Eagle Scout project helps bolster Indian River Lagoon



Julie Sturgeon

In search of an Eagle Scout project, Vincent Schiffer consulted with his troop’s assistant scoutmaster for ideas.

“I was interested in doing something that would make an impact on the local environment,” Schiffer said.

Knowing that Schiffer was environmentally inclined, Assistant Scoutmaster Dave Bookman for Troop 720 suggested he contact two Florida Institute of Technology (FIT) professors.  The professors were involved with a project called Living Docks.

“Living Docks has to do with the preservation and restoration of the Indian River,” Schiffer said.

Kelli Hunsucker and Robert Weaver, the FIT professors, host Living Docks work days, during which members of the community can participate in attaching oyster mats and bags to docks and seawalls along the Indian River Lagoon.  Schiffer signed up to help during one of the Living Docks sessions to get a feel for the process.

“They educated me on what oyster mats are and why they are used,” Schiffer said.

The purpose of the oyster mats is to attract benthic organisms, including oysters, barnacles and sponges, which contribute toward keeping the Indian River Lagoon healthy.

Oysters are pearls in this chain of the river’s ecological makeup. According to Hunsucker and Weaver, oysters can filter up to 50 gallons of water a day.  A healthy Living Dock community can filter up to 57,000 gallons of water per day.

After participating in a Living Docks project, Schiffer was hooked on oysters.

“It definitely seemed like a good sustainability project,” Schiffer said.

With guidance from the FIT professors, Schiffer drafted his proposal and proceeded to accumulate the three materials needed for the mats — oysters, mesh mats and ties. Schiffer was able to get all the oysters from a donation from the Brevard Zoo, and the mats were donated by Memphis Net and Twine.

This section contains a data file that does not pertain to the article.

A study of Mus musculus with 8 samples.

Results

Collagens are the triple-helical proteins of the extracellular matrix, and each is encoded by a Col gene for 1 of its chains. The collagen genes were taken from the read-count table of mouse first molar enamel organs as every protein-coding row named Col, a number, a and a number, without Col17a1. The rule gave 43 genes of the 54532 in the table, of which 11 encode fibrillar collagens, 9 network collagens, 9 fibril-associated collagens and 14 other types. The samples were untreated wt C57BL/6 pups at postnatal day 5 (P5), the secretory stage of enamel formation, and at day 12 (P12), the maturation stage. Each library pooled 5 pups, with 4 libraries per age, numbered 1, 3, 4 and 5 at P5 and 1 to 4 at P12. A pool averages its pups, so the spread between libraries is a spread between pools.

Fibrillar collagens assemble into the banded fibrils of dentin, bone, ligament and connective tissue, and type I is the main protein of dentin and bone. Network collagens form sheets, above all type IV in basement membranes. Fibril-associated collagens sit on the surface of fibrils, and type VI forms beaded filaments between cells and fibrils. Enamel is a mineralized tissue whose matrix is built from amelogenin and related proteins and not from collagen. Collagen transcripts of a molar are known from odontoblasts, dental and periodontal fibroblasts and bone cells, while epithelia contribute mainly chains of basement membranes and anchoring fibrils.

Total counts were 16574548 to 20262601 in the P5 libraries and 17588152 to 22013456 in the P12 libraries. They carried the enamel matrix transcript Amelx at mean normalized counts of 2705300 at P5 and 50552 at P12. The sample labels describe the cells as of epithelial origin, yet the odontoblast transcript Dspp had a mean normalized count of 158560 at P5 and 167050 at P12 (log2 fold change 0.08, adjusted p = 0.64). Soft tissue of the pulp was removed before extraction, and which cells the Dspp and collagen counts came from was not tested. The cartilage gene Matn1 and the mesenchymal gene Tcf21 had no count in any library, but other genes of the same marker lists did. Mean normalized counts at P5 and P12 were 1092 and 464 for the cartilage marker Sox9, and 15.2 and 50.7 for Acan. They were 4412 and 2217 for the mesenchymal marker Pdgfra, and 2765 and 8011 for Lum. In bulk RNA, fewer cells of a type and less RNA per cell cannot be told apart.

The project itself was done in two parts. The first was a work day, which entailed drilling holes in each of the oyster shells and preparing the eight mesh mats.

Several weeks later, the mats were installed to pilings on the dock of homeowner Angie Doswell, who lives on the Indian River.   

The project went as planned. Six months later, homeowner Doswell is happy to be a participating member in the Living Docks program. And Schiffer said another scout in Troop 720 is now in the planning stages of his own oyster mat project.

“I am super ecstatic about another scout doing this project now,” Vincent Schiffer said.

Schiffer said he periodically checks on the mats that he and fellow scouts installed, reporting the findings to the Living Docks team.

“I am ecstatic about setting an example of this type of project,” Schiffer said, “And to see a person donating part of their waterfront to a sustainability project.”

Schiffer graduated in May from Viera High and is now a student at the University of Central Florida. He is majoring in Biology, with an emphasis on environmental sustainability.

Living Docks is part of the Indian River Lagoon Research Institute. Residents interested in the Living Docks program can call 321-674-8936 or email khunsucker@fit.edu for more information about IRLRI related activities.